What is ‘Hip-Happenin’?

When thinking about what to write, I had no idea! I’ve never particularly been exposed to hip hop but I have definitely learnt a lot this week. Hip hop has a lot of representations. It can represent place, ethnicity, language or a group of people. I was particularly surprised that Samoans were amongst the first break dancers. In Henderson’s reading it states that it “enabled the children of migrants to have the confidence to learn and perform traditional dance at Samoan gatherings” and are among the “practitioners of popping, locking and strutting.” (Henderson, 2006) This illustrates that the Samoan culture has adapted to today’s culture but have kept their tradition and heritage.

Of course in today’s society, there is an image of certain ‘gangsta’ images that has been seen to have quite a negative connotation. In particular there are stereotypes of gender and racial differences with the ideal being of male and African descent. This concept is being eliminated with the introduction of new forms of hip-hop and rap. In Australia, majority of the most famous rappers are ‘white’ males such as Pez and 360 who are becoming more mainstream with collaborations with musicians such as Gossling and Josh Pyke. Through this week, it has enabled me to see the transformation of hip-hop and the way in which society today has benefited from the traditional ways of past cultures.


“I’ve Been Everywhere Man…”

With the advancement and constant evolution of technology, travel is becoming more affordable and more achievable. This is evident through the ever increasing arrival and departure of international students. Marginson describes international education as “a process of externally mediated ‘adjustment’ or ‘acculturation’ to the requirements and habits of the host country” (Marginson, 2012). Basically in a nutshell, international education is all about getting out of your comfort zone and giving every opportunity to immerse yourself in another culture a go.
Throughout the reading, Marginson describes the idea of ‘self-formation’. I think she is absolutely right. With the huge influx of exchange students at Campus East, it is easy to see their transformation from the beginning of the year to the end. After talking to exchange students, particularly Americans, I can see the way in which they have developed as people and the change in attitudes as a result of getting out there and immersing themselves in a different culture. A general consensus is that they love the laid back attitude of everyone here.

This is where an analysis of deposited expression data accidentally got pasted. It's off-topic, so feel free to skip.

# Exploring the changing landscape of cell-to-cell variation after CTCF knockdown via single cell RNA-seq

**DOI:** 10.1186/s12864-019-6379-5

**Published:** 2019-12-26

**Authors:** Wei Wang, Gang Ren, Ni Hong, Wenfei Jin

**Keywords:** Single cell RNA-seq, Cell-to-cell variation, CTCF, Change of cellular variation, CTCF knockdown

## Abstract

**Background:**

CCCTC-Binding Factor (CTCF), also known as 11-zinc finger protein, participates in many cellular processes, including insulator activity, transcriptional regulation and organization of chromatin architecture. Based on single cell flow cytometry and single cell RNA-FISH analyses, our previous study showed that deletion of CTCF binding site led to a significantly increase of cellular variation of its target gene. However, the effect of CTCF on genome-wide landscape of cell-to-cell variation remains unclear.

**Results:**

Marginson also utilizes the idea of multiplicity and hybridity to describe the process of self-formation. Multiplicity refers to the multiple connections we have and the way in which, we as individuals, change with different people and settings. The second strategy is hybridity which refers to the way we “combine and synthesize” different cultural aspects. In regards to these two strategies, I believe they are absolutely spot on. We as individuals have to adapt and change to experience new cultures and ways of living. It would be a once in a lifetime opportunity and I hope one day I’ll be lucky enough to experience international education.

Marginson, S (2012) “International education as self-formation” reading

Globalising the World

Whether we like to admit it or not, globalisation is an inevitable process occurring throughout the developed and developing countries of the world. Whether you’re all for it or utterly against it, it is vital to the development of the world. It has allowed us to become more connected and has given us the ability to choose ‘where we are from’. The main contributing factor of the development of globalisation is technology. It enables us to be informed and communicate with people all over the world creating opportunities and experiences previously uncommon or difficult to achieve.

Globalisation however, can be seen from contrasting views of dystopian and utopian ideals. The utopian aspect of globalisation can also be addressed by Marshall McLuhan’s term of the “Global Village” which was introduced to portray the idea that globalisation is able to bring people together no matter where they are in the world allowing communication within the ‘global village’ Ultimately it changes how we interact with one another. It allows us to communicate globally. On the other hand, a dystopian view is evident. Globalisation especially through the media can affect political and social norms through representations and portrayals politically, economically and socially.

Imagine a life without globalisation though. You wouldn’t be able to walk down the street and be offered an array of world cuisines, or be exposed to other cultural film industries such as Bollywood or get the latest gadget produced in Europe. We wouldn’t be able to connect throughout the world or be exposed to other cultures. Where would we be without globalisation?